Facility Maintenance Decisions

Comparing Two Popular Fire-Resistant Coatings



Both intumescent and cementitious coatings have pros and cons. Maintenance departments can use this guide to choose the best option.


By Tommy O’Shaughnessy   Paints & Coatings

fire coating

When it comes to fire-resistant coatings, two of the most popular options are intumescent paint and cementitious coatings.

Each coating has its own advantages — intumescent coatings are very effective, but also relatively expensive, while cementitious coatings are easier on your budget, but come with some specific shortcomings, which we’ll touch on below.

Let’s look at each type of coating in detail, run down the specific pros and cons of each one, and touch on the best applications for each coating.

What are intumescent and cementitious coatings?

Intumescent paint expands in the presence of fire to protect and insulate its substrate.

It works like this: an intumescent coating is made up of a chemical mixture that’s suspended in a binder. When it’s exposed to the heat from a fire, the binder melts, and a chemical reaction begins. This chemical reaction produces foam, and the formerly thin intumescent coating begins to radically expand, typically becoming 25-50 times thicker. 

This chemical foam insulates the substrate from fire damage; applied to steel, it can prevent that steel from buckling even in intense heat. 

Cementitious coatings are more straightforward. These are essentially coatings that are mixed with lightweight cement. Conventional concrete is tremendously fire-resistant — and cheap; but it’s impractical as a general fire resistance measure because of its weight, which requires heavy steel structural support.

Cementitious coatings, on the other hand, give you all the fire resistance of concrete, while also being lightweight. They’re also quite inexpensive, especially compared to intumescent coatings. 

So what’s the catch? Well, like conventional concrete, they’re quite labor intensive to apply. They require extensive surface prep, and then several coats.

And that’s not all; when a cementitious coating dries, it separates, ever so slightly, from its substrate. If moisture builds up in that space, as it often does in moist environments, it can corrode the very surface that the cementitious coating is supposed to be protecting. 

Pros and Cons

Let’s survey the advantages and disadvantages of each coating.

Intumescent Pros

  • Very aesthetically pleasing — looks like conventional paint
  • Great adhesion to substrate
  • Excellent all-around performance

Intumescent Cons

  • Can be quite expensive — up to $4-12 per square foot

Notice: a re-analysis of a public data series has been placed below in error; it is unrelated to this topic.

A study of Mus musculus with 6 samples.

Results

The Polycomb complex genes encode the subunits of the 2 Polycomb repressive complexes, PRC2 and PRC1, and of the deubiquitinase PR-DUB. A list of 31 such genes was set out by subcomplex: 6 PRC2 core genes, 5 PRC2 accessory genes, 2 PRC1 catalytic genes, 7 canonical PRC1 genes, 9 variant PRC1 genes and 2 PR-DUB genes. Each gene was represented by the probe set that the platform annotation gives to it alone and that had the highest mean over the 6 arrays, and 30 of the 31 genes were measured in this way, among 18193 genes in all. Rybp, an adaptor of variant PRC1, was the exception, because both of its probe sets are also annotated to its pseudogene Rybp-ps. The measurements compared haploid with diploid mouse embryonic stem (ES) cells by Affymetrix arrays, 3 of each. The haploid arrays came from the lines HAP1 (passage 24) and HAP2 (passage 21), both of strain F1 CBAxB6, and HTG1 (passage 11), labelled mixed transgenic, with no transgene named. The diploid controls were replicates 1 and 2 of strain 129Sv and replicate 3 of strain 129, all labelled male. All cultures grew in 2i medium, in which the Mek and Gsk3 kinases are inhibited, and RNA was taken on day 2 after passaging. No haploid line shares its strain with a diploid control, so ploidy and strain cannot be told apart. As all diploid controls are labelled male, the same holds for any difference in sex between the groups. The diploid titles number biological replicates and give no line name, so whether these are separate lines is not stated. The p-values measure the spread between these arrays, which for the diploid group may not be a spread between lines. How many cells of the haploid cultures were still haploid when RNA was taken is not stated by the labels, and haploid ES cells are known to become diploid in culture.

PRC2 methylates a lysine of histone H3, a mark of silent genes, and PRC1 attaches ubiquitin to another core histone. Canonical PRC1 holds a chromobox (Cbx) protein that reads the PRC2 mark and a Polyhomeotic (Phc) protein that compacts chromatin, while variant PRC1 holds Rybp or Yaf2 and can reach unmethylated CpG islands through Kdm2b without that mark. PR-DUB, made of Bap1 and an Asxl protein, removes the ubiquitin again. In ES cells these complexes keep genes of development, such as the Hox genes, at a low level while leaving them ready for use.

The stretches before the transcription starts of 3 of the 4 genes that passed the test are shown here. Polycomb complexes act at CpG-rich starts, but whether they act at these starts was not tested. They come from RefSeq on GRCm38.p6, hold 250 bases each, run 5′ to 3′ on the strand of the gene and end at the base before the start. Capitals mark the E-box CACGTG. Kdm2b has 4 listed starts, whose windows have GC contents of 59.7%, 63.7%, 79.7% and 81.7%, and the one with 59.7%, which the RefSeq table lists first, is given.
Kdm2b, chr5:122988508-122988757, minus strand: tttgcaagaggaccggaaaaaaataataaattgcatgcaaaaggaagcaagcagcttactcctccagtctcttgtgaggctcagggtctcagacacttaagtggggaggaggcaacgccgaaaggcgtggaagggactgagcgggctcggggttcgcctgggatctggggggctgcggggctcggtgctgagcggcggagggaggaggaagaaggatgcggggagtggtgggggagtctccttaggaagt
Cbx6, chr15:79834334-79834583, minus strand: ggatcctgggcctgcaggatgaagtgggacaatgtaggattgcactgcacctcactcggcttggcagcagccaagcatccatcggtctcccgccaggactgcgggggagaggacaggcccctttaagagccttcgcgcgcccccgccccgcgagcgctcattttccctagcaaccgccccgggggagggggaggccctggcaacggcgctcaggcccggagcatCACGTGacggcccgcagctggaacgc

• Usually requires surface prep, plus a primer
  • May require a topcoat if applied to steel

Cementitious Pros

  • Inexpensive
  • Much lighter than conventional concrete
  • Resistant to chlorides, acid gases, and chemicals

Cementitious Cons

  • Tends to separate from the substrate as it dries
  • Often cracks while cooling after a fire
  • Not aesthetically pleasing

When you look at what each coating has to offer, it’s obvious there’s no one-size-fits-all solution here; the best coating for you is going to depend on your unique circumstances. That being said, let’s touch on the ideal application for each coating.

Intumescent coatings excel in settings where they’ll be highly visible, as intumescent paint looks as appealing as a fine conventional paint, or even a top-grade epoxy if a topcoat is applied. They’re also ideal in high moisture environments, since they adhere closely to the substrate, locking out moisture. 

They’re also great for mild or climate-controlled environments. However, local factors at the time of application like humidity, temperature, and dew point are a huge factor in how well (or how poorly) the coating adheres to the substrate.

Cementitious coatings are ideal for dry environments, where moisture accumulation isn’t a concern. They’re also great for surfaces that won’t be regularly observed, like underwater structures, roof structures, or highway structures. 

Note that facility managers need to consider the NFPA and IBC guidelines, as well as local guidelines, whenever choosing a structural fireproof coating. 

While both coatings offer very effective fire resistance, intumescent paint is simply more versatile, nicer to look at, and more advanced. 

That being said, in settings where minimal fireproofing is needed, budgets are limited, or aesthetics aren’t a concern, cementitious coatings are a perfectly acceptable alternative.

Just keep in mind that, regardless of your choice, facility managers need to follow IBC and NFPA standards when determining their fire protection. Just to be on the safe side, it’s probably best to consult with an expert coatings professional to make sure you’re in full compliance.

Tommy O’Shaughnessy is the owner of CDN Paint, the online platform that connects owners, facility managers and engineers with top-rated coatings professionals.